It time to When you identify all of the food components involved in your food-related reactions and formulate the diet that will allow you to remain symptom-free and, at the same time, to be well-nourished and nutritionally healthy. The diet should aim to meet several important goals:
◆ It must exclude all foods and additives to which a positive reaction has been recorded.
◆ It must be nutritionally complete, providing nutrients from non-reactive sources.
◆ It must be designed to take into account your lifestyle and finances.
◆ It should be flexible enough to accommodate “unusual” situations such as religious festivals, celebrations (e.g., as birthdays and weddings), vacations, travel, and eating in social settings where obtaining substitute foods might be a problem.
If dose-related intolerances are a problem, a rotation diet might be beneficial. However, at the present time there is no clear consensus on the benefits of rotation diets in the management of food allergies, although many practitioners seem to favor their use, and there are a number of popular books on the market that provide details about a variety of rotation diets and schedules.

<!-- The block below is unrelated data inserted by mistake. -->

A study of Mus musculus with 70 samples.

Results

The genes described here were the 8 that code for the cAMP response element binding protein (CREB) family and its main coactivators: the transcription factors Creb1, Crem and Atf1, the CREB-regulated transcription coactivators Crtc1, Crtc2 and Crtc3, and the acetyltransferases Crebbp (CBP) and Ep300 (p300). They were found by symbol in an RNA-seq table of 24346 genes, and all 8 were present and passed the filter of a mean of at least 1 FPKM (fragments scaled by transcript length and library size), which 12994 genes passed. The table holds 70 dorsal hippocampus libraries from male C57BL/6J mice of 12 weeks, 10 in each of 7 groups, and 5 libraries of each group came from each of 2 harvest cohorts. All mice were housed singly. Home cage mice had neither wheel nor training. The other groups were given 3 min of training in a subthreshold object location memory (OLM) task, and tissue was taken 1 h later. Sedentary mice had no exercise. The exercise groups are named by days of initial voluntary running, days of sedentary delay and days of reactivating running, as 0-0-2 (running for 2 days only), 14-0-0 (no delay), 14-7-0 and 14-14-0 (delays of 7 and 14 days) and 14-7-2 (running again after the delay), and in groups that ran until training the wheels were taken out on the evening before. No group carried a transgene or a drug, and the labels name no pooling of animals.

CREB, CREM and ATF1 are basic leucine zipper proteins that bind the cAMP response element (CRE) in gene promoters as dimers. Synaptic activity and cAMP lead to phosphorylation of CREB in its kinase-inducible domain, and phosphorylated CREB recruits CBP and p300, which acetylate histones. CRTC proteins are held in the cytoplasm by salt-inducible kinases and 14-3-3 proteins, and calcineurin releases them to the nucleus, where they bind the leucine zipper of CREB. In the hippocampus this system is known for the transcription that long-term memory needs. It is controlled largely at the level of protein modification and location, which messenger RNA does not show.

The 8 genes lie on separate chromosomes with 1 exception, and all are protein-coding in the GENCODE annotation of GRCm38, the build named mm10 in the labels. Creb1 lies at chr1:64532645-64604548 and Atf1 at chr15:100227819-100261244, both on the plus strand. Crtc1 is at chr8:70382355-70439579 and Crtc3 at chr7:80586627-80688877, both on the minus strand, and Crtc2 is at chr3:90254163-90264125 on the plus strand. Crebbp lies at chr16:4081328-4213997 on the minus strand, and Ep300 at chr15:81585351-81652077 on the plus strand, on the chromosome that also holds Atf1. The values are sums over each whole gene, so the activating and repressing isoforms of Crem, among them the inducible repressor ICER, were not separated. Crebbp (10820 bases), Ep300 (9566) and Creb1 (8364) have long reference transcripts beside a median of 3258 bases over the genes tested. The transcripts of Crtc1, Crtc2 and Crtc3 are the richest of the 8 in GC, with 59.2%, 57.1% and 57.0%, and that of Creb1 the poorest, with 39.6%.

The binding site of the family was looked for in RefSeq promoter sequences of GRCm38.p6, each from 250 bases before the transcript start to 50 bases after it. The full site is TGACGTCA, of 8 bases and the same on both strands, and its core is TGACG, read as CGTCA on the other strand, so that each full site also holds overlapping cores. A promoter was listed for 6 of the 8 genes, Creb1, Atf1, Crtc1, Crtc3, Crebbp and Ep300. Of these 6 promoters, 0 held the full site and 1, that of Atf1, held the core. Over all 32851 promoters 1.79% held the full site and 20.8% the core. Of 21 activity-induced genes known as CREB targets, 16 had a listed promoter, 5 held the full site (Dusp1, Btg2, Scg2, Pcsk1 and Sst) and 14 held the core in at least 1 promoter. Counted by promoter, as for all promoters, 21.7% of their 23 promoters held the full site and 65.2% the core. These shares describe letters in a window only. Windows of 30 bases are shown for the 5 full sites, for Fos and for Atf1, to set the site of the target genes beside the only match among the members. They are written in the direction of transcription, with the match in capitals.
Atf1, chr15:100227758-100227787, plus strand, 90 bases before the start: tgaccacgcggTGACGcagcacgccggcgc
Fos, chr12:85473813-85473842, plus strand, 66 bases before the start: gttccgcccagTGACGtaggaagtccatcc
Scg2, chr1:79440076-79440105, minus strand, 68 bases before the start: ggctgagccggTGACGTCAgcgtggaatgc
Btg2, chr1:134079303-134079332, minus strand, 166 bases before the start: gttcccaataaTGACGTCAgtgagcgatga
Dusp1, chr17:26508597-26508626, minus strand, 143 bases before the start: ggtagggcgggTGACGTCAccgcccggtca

The premise behind the use of the rotation diet holds that people who are mildly intolerant to certain foods may benefit from a diet that spaces those foods so that no one of them is eaten too frequently. Theoretically, if the foods that cause a reaction are not allowed to “build up” in the body, a person’s “limit of tolerance” is not exceeded and symptoms do not occur or are kept to a minimum. In the “traditional” rotation diet, a food that is eaten on Day 1 is then avoided for from 3 to 30 days, depending on the type of rotation selected. The aim is to give the body a rest from each food family to prevent new or increased sensitivity to food developing. Four, five, seven, and thirty-one day rotations have been advised by various practitioners. Because two to four days is the approximate time for a food to pass through the gastrointestinal tract, a four-day rotation is considered to be the most effective schedule. After four days, the amount of a specific food in the body is considered to be sufficiently low that eating it again will not increase the level to a reactive threshold.
Rotation Diets and Food Allergy
There have been no well-designed controlled studies on whether rotation diets based on food families are of any real value in practice. In fact, most authorities consider rotation diets as a management strategy for food allergy to be controversial and of little or no benefit. Because cross-reactivity between foods within a food family is unusual, diets that are based on avoiding entire food families are illogical. Furthermore, following a strict rotation diet can be very tedious and time-consuming, and it can put a person at risk for nutritional deficiency.